Farmers may need to re-think livestock nutrition and housing to meet new ammonia emissions targets, says expert
PUBLISHED: 08:33 07 December 2018 | UPDATED: 09:16 07 December 2018
The government's urgent drive to reduce agricultural ammonia emissions will demand a sharper focus on livestock nutrition, building design and slurry storage, East Anglian farmers were told.
Industry experts outlined ways to prevent the gas being released into the atmosphere from sources such as manure and fertiliser, during a knowledge-sharing meeting at Diss Rugby Club.
The meeting heard that agriculture is responsible for 88pc of all UK emissions of ammonia, which can be damaging to the environment and combine with other pollutants to form particulates which are harmful to human health.
Those attending were predominantly pig producers, who were told that their sector accounts for 7pc of farming’s total emissions.
Nigel Penlington, head of buildings and environment at the Agriculture and Horticulture Development Board (AHDB) said the government’s draft Clean Air Strategy, published earlier this year, had ramped up the pressure on farmers to meet stricter limits on emissions.
He encouraged them to assess each stage of their production process – starting with feed efficiency.
READ MORE: £3m scheme aims to crack down on ammonia pollution from farms
“The sooner you can make a process more efficient, then the less you have to deal with later,” he said. “If you have got a more efficient engine on your care which uses less fuel, hopefully it will produce less exhaust gases and take you further per gallon.
“With animals, feed goes in one end, and you can only retain a certain amount of it before it comes back out the other end and you get urine and faeces. “The more you can retain in the animal and convert into what you are trying to produce, whether it is piglets or meat, the less is going come out that you will have to deal with.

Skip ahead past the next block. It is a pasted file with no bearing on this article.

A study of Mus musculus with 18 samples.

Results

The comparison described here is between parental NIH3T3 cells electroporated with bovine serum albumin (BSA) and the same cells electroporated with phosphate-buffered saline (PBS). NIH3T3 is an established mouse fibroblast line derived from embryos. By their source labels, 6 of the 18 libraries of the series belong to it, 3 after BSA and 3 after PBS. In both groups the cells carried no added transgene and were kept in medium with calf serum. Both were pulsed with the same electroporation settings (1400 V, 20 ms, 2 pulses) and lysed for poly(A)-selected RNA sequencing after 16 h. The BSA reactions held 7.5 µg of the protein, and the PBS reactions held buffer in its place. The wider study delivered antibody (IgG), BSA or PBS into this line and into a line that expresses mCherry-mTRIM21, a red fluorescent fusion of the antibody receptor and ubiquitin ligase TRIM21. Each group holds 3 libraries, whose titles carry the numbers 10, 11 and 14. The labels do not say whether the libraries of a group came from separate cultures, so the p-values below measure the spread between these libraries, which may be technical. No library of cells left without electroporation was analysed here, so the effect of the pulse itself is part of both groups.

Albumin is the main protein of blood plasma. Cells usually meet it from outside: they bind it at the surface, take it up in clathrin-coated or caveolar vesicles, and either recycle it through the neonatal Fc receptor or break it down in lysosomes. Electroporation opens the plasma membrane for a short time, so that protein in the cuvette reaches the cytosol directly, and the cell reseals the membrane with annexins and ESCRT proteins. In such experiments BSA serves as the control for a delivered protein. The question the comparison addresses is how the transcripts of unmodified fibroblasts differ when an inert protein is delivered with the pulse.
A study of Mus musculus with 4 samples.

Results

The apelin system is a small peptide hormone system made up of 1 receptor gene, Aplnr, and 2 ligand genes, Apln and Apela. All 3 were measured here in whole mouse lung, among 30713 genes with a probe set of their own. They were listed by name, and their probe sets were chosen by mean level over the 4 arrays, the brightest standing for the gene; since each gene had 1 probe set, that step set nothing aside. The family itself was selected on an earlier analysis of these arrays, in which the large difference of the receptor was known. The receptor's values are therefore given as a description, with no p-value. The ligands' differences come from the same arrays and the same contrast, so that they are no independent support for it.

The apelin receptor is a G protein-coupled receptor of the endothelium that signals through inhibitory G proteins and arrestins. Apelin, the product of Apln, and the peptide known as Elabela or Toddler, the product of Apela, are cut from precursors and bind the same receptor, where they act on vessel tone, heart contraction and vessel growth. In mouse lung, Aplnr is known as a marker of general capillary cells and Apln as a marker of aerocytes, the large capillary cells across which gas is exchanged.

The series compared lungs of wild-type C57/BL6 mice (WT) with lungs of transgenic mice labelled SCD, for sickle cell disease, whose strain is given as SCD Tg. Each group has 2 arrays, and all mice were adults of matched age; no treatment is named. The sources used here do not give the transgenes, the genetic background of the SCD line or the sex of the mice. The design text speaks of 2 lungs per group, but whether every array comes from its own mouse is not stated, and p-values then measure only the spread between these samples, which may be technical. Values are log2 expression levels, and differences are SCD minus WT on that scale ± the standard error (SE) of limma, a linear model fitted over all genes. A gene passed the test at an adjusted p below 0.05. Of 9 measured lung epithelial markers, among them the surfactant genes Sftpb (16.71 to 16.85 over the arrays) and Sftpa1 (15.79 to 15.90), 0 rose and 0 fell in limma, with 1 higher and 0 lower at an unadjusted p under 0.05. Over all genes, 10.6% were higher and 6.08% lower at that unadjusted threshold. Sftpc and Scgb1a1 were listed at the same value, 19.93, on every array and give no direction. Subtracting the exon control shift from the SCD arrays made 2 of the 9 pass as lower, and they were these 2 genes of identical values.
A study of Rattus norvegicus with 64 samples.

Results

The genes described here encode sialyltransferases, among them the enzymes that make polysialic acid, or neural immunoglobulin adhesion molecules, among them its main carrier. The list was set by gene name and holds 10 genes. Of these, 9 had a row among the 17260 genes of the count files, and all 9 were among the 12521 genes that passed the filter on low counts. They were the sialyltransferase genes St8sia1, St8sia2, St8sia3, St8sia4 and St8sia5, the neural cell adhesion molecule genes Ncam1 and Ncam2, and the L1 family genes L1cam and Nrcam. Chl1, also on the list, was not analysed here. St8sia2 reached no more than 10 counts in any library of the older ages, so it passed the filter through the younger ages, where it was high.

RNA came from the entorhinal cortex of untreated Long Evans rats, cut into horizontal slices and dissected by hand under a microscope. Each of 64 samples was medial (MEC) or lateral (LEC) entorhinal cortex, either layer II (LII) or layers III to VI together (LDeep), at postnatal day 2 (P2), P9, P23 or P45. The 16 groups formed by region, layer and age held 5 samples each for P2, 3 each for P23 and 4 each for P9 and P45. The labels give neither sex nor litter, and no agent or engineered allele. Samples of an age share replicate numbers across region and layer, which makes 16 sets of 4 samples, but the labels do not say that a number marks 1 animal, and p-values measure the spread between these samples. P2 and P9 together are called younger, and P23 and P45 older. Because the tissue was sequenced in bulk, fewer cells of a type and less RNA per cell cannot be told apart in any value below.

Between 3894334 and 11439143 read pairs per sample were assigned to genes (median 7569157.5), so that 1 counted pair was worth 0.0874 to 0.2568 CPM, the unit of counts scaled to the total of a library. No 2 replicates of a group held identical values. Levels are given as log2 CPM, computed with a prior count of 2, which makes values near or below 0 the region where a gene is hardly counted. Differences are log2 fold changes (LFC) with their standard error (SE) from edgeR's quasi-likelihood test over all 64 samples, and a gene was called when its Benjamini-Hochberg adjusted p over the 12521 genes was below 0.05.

“The established view is that if you reduce feed protein levels by 1pc you take 10pc off your ammonia emissions. That was probably fine 20 years ago when the protein levels were higher than they are now, and the ammonia levels were not quite as high.
“Some nutritionists have been challenging this approach and saying they [protein levels] are as low as we can get now. Also there is a lack of independent evidence now linking modern genetics, crude protein and lean growth.
“Protein intake and balance are the main factors influencing nitrogen excretion while reducing ammonia. Speak to your nutritionists, because they know your system and there is going to be a growing role for nutritionists going forward.”
READ MORE: Farmers must prepare for government crackdown on ammonia pollution ‘before the carrot turns into a stick’
Mr Penlington outlined a raft of other practical measures which pig producers could take to optimise their buildings to limit ammonia emissions, including keeping slurry and urine apart to prevent chemical reactions, minimising emitting surface areas, frequently emptying slurry pits and covering slurry stores. They could also consider computer-controlled ventilation and floor insulation, a vacuum system for efficient slurry removal or air-cleaning biofilters – all of which could make significant reductions to emissions.
“But you don’t need to make a huge investment to make a really significant difference,” he added.
The meeting, which also discussed grant funding opportunities for ammonia reduction projects, was co-hosted by the Catchment Sensitive Farming partnership – comprising Defra, the Environment Agency and Natural England.
Paul Arnold from Natural England said while reducing nitrogen run-off from farm fields into watercourses had always been a priority, the renewed focus on ammonia emissions had been driven by Defra’s Clean Air Strategy, which sets out stricter controls on livestock housing standards and spreading fertiliser.
“Ammonia is a form of nitrogen and if it is up in the air it is a wasted resource,” he said. “We have spent a lot of time thinking about how we stop nitrogen getting into watercourses and keeping it in the field, but now we need to think about how we stop it going up into the atmosphere as well.”